FIVE YEARS ago, lawyer Nguyen Van Dai became co-founder of a pro-democracy group in Vietnam called Brotherhood for Democracy, which was intended to underscore a fresh approach to activism. Instead of being lone campaigners for democratic principles, its members would attempt to unite the forces of dissent into a larger force, a “collective strength” based on “solidarity.”
On April 5, Mr. Dai’s hopes were dealt a severe setback. A court in Hanoi sentenced him and five other activists to between seven and 15 years in prison for alleged subversion. Vietnam is ruled by a Communist Party that is intolerant of dissent and in recent months has been intensifying a crackdown on those advocating human rights and pushing for democracy. Mr. Dai, who served an earlier four-year prison term, was sentenced to 15 years. The brotherhood has said it is dedicated to “fight to protect human rights recognized by the Vietnamese Constitution and international conventions” and to “promote the building of a democratic, progressive, civilized and just society for Vietnam.” Their lawyer, Le Luan, said, “At the trial today, no evidence showing the defendants’ attempt at overthrowing the state was given. The charge was very much groundless.”
Days later, another court in Thai Binh in northern Vietnam sentenced a member of the group, Nguyen Van Tuc, to 13 years in prison on the same charges. The official Vietnam News Agency said Mr. Tuc joined the group in 2014 and served as its vice president. It called the brotherhood a “reactionary organization that operated illegally aimed at attempting to abolish the leading role of the Communist Party of Vietnam and overthrow the people’s administration.” Mr. Tuc was previously sentenced in 2009 to four years in prison.
Vietnam remains locked in the Stalinist past when it comes to denying rights to its people, including bloggers and online commentators. In 2016, the authorities arrested a popular blogger, Nguyen Ngoc Nhu Quynh, who wrote under the pen name Mother Mushroom and was co-founder of a network of independent bloggers. At the time, she had been writing extensively about a chemical spill that devastated marine life and left fishermen and tourism industry workers jobless in four provinces. When taken into custody, Ms. Quynh was accused of publishing “propaganda” against the state. She is still in jail, and her health is deteriorating. Recently, Amnesty International said it has counted 97 prisoners of conscience in Vietnam, including lawyers, bloggers, human rights defenders, environmental activists and pro-democracy campaigners.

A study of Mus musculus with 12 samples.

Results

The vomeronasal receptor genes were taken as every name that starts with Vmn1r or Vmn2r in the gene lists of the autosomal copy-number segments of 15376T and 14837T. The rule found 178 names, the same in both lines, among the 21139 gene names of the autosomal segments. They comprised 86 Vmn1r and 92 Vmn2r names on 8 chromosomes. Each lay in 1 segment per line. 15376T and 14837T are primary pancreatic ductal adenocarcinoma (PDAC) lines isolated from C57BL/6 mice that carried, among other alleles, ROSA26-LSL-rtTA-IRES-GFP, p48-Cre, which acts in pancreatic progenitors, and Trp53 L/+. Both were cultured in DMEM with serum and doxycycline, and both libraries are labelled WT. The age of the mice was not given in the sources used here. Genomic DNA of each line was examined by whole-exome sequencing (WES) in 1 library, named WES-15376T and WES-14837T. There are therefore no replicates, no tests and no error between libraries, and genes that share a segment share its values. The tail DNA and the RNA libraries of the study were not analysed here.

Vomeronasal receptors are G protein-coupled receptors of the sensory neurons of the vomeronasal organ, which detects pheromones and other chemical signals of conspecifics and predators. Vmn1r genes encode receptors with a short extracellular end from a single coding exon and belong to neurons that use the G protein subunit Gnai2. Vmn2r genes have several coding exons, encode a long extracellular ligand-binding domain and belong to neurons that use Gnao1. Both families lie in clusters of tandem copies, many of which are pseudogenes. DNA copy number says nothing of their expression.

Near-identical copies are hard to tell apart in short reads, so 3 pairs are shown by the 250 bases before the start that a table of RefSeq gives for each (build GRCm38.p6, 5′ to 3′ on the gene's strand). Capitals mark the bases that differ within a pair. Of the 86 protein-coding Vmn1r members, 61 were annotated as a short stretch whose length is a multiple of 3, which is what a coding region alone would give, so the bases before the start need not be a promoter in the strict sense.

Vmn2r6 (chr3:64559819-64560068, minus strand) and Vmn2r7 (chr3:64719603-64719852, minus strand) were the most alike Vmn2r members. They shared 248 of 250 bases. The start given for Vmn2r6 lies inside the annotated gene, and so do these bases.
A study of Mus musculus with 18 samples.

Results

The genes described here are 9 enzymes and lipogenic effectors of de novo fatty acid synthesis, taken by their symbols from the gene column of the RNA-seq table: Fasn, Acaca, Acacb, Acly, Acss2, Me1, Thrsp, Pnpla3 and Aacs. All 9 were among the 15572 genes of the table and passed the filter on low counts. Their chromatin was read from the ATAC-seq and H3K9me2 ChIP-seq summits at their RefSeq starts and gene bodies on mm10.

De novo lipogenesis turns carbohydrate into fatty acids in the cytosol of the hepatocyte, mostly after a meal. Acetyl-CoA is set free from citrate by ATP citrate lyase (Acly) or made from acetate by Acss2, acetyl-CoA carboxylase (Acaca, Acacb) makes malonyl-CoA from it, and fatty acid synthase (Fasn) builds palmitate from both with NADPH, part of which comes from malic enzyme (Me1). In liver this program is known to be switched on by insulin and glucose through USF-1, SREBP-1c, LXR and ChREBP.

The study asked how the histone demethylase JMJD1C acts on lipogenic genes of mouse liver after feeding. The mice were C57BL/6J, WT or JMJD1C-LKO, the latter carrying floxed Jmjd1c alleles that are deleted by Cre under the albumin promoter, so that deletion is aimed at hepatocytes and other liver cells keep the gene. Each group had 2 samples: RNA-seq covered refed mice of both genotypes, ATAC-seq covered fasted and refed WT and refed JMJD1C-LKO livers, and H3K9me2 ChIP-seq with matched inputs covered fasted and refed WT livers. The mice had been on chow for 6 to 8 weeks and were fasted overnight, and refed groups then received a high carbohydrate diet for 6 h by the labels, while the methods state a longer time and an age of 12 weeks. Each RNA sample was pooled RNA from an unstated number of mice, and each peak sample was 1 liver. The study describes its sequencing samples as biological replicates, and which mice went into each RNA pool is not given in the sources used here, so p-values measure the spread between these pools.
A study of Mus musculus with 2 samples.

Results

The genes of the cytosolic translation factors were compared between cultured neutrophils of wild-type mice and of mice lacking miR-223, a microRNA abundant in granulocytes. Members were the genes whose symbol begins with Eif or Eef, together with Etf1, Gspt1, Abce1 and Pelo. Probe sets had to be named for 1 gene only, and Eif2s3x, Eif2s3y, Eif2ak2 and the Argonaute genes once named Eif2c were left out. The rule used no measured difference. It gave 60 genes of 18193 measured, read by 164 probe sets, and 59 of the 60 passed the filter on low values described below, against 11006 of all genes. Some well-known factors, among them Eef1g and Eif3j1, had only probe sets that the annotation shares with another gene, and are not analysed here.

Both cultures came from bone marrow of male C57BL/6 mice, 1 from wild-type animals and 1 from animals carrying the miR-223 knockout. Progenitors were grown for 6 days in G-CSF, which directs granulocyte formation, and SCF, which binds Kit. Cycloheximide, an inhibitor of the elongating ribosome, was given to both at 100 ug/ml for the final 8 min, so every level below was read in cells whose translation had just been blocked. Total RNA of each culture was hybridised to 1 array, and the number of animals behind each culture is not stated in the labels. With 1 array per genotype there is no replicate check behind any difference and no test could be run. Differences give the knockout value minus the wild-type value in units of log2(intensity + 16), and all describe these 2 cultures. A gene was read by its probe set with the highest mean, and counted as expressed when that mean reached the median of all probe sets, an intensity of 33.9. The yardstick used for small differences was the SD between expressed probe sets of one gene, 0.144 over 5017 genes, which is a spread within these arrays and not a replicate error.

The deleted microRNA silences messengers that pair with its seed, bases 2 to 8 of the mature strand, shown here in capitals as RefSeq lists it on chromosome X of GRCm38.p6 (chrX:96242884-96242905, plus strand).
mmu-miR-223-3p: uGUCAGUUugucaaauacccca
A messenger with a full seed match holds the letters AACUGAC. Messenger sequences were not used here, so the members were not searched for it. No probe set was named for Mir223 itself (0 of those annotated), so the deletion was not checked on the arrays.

Vietnam’s party bosses might have been somewhat less enthusiastic about snuffing out dissent if the United States were still party to the Trans-Pacific Partnership, the Asian trade agreement including Vietnam that President Trump abandoned last year. When in Hanoi last year, Mr. Trump didn’t even publicly raise concerns about a crackdown on dissidents. The Vietnamese leaders seem to feel unconstrained by worry about pressure from the United States. Their people are the biggest losers.